Why Was Russell Westbrook So Upset About a Silly Final-Seconds Dunk?

Like MLB, the NBA has its own set of useless "unwritten rules"

Russell Westbrook screaming during a basketball game.
Relax, Russ. It's only two points.
Photo by Kevork Djansezian/Getty Images

Earlier this week, the youngest team in the NBA (the Oklahoma City Thunder) beat the oldest team in the NBA (the Los Angeles Lakers) by a score of 123-115. The average age of the Thunder is just 23.5; their primary scoring options are a bunch of kids you haven’t heard of, like Shai Gilgeous-Alexander and Luguenz Dort. The Lakers, of course, are led by established superstars like LeBron James, Anthony Davis and Russell Westbrook. The team’s average age is 30.9 years old.

The loss dropped the Lakers to 2-3 on the season, ahead of tonight’s game against the Cleveland Cavaliers. It’s been a rocky start for a team most analysts expect to compete for at least the Western Conference Finals this year, and that frustration was most on display in the final seconds of Wednesday’s game, when Westbrook started screaming at Thunder power forward Darius Bazley and was ejected from the game.

What was his problem? With four seconds left on the clock, and the Lakers down six, Lakers guard Rajon Rondo threw a lazy cross-court inbounds pass in the direction of Carmelo Anthony. Bazley intercepted the pass and, all alone, sprinted to the basket for an emphatic dunk. The game was played in Oklahoma City, so naturally the home fans went nuts. Bazley hung on the rim for an extra millisecond to ham it up. But the entire sequence, as you can see in the video below, sent Westbrook off the edge.

The 33-year-old former MVP, who is making $44 million this year, immediately got in the face of the 21-year-old Bazley (who’s in his third year in the league and making just $2.5 million, go figure) to yell “DON’T DO THAT,” over and over again. The benches cleared, level-headed teammates came in to bear-hug Westbrook, and by the time the smoke had cleared, Westbrook had been assessed his second technical foul: grounds for an immediate ejection.

After the game, Westbrook offered this quote to reporters: “When shit like that happens I don’t let it slide … There’s certain things you just don’t do in sports.”

Why don’t you, you might wonder? Unwritten rules, of course. We normally associate them with baseball, where unforgivable actions like swinging on a 3-0 count with the lead, or flipping a bat, apparently rob the game of its beautiful, pearl-clutching purity. In this case, Westbrook expects Bazley to sit back and let Rondo make his poor pass, or at the very least dribble out the clock after stealing the ball.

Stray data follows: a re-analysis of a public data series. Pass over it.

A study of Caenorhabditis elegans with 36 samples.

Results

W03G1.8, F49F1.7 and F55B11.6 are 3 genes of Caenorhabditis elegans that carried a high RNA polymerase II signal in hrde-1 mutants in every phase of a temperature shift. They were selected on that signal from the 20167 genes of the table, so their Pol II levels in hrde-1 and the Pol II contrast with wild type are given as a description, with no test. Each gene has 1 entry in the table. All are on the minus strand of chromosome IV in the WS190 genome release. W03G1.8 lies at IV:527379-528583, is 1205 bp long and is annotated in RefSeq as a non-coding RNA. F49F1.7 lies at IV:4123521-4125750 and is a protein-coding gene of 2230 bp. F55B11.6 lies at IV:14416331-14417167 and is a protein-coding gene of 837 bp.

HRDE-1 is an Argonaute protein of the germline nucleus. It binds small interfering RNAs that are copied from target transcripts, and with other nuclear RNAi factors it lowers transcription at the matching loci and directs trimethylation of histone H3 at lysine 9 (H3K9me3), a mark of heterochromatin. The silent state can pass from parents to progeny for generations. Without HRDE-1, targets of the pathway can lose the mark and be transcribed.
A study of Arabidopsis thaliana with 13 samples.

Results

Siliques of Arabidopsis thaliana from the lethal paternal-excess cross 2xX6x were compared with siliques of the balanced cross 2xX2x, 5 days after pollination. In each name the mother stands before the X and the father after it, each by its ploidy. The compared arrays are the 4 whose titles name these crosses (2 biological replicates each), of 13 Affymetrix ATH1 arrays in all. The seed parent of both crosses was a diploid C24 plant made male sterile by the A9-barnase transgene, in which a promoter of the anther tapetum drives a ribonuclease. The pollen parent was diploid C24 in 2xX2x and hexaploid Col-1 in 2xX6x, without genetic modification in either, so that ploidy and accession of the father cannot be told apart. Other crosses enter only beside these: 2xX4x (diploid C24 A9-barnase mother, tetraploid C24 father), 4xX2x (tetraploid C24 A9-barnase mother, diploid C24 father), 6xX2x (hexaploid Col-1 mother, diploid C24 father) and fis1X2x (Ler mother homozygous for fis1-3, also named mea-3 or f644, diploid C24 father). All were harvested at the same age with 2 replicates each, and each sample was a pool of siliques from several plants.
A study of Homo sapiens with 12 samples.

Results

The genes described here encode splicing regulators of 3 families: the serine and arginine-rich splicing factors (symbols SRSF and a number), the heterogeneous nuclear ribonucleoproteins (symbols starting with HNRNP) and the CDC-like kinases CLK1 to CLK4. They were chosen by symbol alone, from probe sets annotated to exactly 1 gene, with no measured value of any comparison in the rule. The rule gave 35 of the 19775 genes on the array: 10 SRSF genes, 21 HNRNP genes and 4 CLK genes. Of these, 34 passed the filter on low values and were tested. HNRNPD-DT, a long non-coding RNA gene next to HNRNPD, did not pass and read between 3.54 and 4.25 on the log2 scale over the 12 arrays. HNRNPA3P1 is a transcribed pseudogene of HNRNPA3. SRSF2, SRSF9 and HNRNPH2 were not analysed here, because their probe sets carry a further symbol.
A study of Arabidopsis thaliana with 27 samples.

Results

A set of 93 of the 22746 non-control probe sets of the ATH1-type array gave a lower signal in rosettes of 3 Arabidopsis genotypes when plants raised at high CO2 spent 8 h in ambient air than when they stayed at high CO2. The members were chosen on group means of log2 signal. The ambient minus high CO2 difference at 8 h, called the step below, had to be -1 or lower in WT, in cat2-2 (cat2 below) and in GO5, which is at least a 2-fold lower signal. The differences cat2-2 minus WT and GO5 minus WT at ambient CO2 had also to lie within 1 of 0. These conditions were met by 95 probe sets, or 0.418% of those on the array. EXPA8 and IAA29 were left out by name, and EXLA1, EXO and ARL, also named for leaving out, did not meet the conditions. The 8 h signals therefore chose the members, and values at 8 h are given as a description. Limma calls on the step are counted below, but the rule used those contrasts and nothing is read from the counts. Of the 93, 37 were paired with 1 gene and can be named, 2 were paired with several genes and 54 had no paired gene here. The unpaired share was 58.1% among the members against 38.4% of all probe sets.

But more often than not, unwritten rules are invoked by the losing side. Westbrook was upset his team blew a lead. An LA native who was giddy to come back and finish his career with his hometown team, he’s likely irritated with how this season has started. Plus, the Thunder franchise once belonged to him. Every competitive player wants to remind an old fanbase (whether they’re cheering or booing his return) that he’s still got the goods.

Plus, the age difference is crucial. NBA players have a tendency to put younger players in their place. They infantilize them in isolation or step over them after blocking a shot. But here, without much ground to stand on, Westbrook went the weakest route: yelling bloody murder about the “right” way to play the game.

Notice that not a single member of the Lakers bench, nor Coach Frank Vogel, ran on the court to confront Bazley. Here’s the reality: you can’t tell young, hungry players to “play until the whistle,” but also tell them to mind the insecurities of an aging star on a struggling team. The majority of players in the NBA are fighting for playing time and the majority of fans want a good show. Watching another team seal your fate might not feel good — but that doesn’t mean you get to scream and whine about it. That might be the biggest unwritten rule of them all.